Tupelo's vacant buildings

By Carlie Kollath/NEMS Daily Journal | Photos/Thomas Wells

Tupelo has seen its fair share of vacant buildings after businesses close. Sometimes, the buildings are empty for only a short time until another tenant brings life back into the venue. Other times, the buildings remain empty for weeks or years, becoming an eyesore and a reminder of what once was. – Carlie Kollath

Block Corp., 3406 W. Main St.
• Garment maker Block Corp. filed for bankruptcy protection in April 2009. The building, which previously was owned by Hancock Fabrics, which used it as its headquarters until it moved to Baldwyn in 2004, was put on the auction block, but didn’t sell. Phillip Carpenter of Carpenter Properties is selling the property, which was last listed for more than $3 million.

Trace Inn and Country Hearth Inn, 3400 W. Main St.
• The hotel complex has been vacant for years. Due to hazardous conditions, the city must demolish the buildings. The city must foot the $90,000 demolition bill because the former owners declared bankruptcy. The city is waiting to see if it can buy the property before it tears down the buildings.

Bumpers, 1509 W. Main St., 1155 S. Gloster St.
• Jackie’s International, which owns Bumpers Drive Inn of Tupelo, closed the businesses last summer for remodeling. The businesses have been boarded up since, but the Canton-based company maintains that they are scheduled to be remodeled. In addition, the company owes back taxes of $2,943 on the two locations.

Caney Fork, 713 S. Gloster St.
• Santa Fe Cattle Co. closed the restaurant in September 2009. Caney Fork Restaurant bought the location, but then closed last fall. The location is up for auction. Hilco Real Estate is having a sealed bid sale July 22.

McDonald’s, 519 S. Gloster St.
• The McDonald’s location next to Wendy’s had been open since 1973. It became vacant in September when Hudson Management Corp. opened a newer location at the intersection of South Gloster and President streets. The building is owned by McDonald’s Corp. The company is meeting this week to see what’s in the “best interest of the community” for the building’s future.

Carlock Kia, 716 N. Gloster St.• The business closed two years ago and the building has been vacant since. The building is owned by Dorothy Ruff, the wife of the previous owner, George Ruff, who had an auto dealership there.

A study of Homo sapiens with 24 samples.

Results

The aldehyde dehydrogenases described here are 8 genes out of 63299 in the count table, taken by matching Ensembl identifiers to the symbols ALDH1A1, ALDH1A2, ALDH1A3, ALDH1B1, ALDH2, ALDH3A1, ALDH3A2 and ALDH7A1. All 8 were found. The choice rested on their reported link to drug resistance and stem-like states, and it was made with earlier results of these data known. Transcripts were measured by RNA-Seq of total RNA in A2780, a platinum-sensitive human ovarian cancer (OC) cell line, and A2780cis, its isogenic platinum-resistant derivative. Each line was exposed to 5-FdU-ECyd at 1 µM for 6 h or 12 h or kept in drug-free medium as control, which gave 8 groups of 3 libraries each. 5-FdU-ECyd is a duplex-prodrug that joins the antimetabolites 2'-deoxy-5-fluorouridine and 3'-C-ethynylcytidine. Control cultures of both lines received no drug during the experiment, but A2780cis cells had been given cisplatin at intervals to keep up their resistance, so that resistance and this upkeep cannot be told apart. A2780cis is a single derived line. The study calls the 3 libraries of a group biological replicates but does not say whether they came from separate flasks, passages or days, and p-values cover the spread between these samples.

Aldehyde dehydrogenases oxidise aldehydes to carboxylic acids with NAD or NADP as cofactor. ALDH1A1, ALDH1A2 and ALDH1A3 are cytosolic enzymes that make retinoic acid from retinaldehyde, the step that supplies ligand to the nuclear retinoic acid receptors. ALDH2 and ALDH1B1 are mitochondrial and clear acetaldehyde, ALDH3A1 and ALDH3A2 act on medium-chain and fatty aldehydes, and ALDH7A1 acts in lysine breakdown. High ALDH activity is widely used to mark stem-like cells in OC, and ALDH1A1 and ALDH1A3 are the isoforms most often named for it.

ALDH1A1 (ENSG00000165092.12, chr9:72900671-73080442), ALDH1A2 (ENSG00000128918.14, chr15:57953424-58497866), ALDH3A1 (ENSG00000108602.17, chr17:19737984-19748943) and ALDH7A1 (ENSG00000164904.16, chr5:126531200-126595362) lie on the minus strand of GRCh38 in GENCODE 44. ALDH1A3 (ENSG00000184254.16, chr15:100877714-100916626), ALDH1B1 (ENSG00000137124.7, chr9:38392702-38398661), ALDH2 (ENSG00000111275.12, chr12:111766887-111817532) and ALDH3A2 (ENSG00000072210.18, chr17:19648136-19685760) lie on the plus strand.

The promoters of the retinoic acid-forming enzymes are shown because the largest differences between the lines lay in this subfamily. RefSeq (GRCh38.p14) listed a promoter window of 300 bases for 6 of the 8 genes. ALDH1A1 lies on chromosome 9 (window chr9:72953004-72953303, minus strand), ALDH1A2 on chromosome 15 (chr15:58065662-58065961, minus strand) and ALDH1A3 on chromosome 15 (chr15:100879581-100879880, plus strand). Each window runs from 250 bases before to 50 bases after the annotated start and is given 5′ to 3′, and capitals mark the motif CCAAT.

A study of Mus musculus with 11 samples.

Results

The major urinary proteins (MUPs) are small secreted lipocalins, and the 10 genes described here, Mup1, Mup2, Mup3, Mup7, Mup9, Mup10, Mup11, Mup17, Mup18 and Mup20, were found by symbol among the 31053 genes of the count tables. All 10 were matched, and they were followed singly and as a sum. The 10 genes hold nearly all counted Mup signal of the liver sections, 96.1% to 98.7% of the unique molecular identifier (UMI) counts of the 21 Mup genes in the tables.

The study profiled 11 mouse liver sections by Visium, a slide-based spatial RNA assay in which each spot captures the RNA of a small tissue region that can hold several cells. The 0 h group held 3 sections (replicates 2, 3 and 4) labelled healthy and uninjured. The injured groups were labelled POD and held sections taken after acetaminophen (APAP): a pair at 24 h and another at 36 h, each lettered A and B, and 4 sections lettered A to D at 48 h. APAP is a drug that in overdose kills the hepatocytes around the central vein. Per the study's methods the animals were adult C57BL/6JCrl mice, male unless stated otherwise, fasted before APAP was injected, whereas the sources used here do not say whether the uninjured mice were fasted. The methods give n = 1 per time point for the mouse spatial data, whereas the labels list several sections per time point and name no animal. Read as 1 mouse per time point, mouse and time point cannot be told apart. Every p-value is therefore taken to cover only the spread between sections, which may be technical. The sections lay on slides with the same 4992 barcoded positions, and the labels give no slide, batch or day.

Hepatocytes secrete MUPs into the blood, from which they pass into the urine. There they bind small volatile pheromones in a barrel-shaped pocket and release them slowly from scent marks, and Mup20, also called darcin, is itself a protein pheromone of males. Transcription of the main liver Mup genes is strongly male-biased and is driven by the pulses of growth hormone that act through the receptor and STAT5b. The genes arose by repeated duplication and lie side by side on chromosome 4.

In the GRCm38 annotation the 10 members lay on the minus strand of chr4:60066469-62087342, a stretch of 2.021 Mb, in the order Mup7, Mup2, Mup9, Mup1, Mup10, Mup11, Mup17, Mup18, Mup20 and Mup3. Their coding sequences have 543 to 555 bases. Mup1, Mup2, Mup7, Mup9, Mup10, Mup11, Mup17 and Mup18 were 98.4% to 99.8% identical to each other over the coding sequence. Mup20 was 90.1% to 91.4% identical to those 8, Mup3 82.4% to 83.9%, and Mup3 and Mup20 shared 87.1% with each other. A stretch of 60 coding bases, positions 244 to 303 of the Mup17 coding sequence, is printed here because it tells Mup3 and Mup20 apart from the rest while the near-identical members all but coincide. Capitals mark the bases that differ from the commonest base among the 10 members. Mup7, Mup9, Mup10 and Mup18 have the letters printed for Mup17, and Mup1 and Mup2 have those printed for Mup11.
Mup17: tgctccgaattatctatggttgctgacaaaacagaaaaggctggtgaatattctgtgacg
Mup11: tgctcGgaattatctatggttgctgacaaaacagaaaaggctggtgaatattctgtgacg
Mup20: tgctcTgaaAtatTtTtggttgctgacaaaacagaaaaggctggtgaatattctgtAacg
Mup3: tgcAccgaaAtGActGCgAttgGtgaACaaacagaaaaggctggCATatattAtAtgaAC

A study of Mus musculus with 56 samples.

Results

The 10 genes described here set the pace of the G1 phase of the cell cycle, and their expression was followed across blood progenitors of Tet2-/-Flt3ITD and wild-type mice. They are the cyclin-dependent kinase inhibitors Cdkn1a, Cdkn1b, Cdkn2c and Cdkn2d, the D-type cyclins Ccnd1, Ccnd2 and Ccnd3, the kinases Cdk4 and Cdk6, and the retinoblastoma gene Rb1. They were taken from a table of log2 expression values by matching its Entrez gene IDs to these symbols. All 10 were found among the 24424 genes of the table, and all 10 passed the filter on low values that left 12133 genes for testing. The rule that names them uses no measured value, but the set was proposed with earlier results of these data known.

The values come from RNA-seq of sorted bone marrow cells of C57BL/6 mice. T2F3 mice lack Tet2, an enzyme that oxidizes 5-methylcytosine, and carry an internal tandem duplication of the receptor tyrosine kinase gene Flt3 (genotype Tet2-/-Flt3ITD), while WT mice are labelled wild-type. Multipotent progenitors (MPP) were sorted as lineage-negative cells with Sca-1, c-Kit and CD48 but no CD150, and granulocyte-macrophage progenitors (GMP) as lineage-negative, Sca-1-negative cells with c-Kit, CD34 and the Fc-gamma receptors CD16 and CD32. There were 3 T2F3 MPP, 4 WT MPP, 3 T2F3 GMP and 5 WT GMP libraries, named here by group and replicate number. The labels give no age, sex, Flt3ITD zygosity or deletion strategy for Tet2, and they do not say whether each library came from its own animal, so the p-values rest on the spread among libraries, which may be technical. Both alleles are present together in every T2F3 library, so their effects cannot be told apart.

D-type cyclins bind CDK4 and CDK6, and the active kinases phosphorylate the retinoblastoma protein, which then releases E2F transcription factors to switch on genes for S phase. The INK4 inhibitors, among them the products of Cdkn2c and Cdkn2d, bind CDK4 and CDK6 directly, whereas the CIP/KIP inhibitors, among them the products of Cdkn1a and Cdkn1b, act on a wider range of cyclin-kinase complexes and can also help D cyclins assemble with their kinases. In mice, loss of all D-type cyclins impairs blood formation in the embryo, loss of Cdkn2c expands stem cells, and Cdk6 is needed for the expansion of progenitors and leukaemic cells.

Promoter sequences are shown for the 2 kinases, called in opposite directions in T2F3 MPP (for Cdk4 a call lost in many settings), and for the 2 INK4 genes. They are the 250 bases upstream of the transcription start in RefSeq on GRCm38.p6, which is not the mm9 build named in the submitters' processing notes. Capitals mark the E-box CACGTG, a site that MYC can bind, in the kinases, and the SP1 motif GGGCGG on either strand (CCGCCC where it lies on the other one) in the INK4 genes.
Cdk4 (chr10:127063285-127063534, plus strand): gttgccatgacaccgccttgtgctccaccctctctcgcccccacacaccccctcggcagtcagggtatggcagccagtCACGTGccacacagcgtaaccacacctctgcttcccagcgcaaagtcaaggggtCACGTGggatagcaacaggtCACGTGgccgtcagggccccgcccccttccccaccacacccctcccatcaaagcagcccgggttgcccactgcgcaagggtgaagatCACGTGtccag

Blockbuster, 402 S. Gloster St.• Blockbuster’ franchisee, Twin States Video, closed its Tupelo location in May. Cohen Realty in Memphis is trying to rent out the building.

Peggy’s Place, 451 S. Gloster St.• Peggy’s Place closed in January. Previously, the building was vacant after Guthrie’s Chicken Finger Restaurant abandoned the building. Coldwell Banker currently has the building listed for rent.

Quality Inn, 1011 N. Gloster St.• The doors to the building were chained in May 2010. The business was vacated and guests were redirected to the Microtel. David Graham of South Dakota is listed as owner of both hotels. The company owes back taxes of about $98,500 for the property.

Shoney’s, 706 Hillcrest Dr.• Shoney’s closed May 13. The company at the time said it plans to renovate the building. “We don’t have a projected completion date; however, we are moving forward as quickly as possible,” the press release said.


Success stories

Tellini’s, 504 S. Gloster St.• Tellini’s Pasta Market opened in 2000. The building originally housed a Burger King location.

Metro Ford, 1000 Barnes Crossing Road• Metro Ford is in a building that originally housed Lowe’s. The building became available when Lowe’s moved to its location on North Gloster Street.

Walls Bargain Center, 1708 S. Gloster• Walls Bargain Center opened in 2001. The building originally housed Walmart, before the company moved elsewhere in Tupelo.

Chuck E. Cheese’s, 4383 Mall Dr.• Chuck E. Cheese’s opened in 2008 in the former McDuff’s Electronics building near The Mall at Barnes Crossing. The building previously had been vacant for several years.

Dennis Seid, Emily Le Coz and Cain Madden contributed to this story.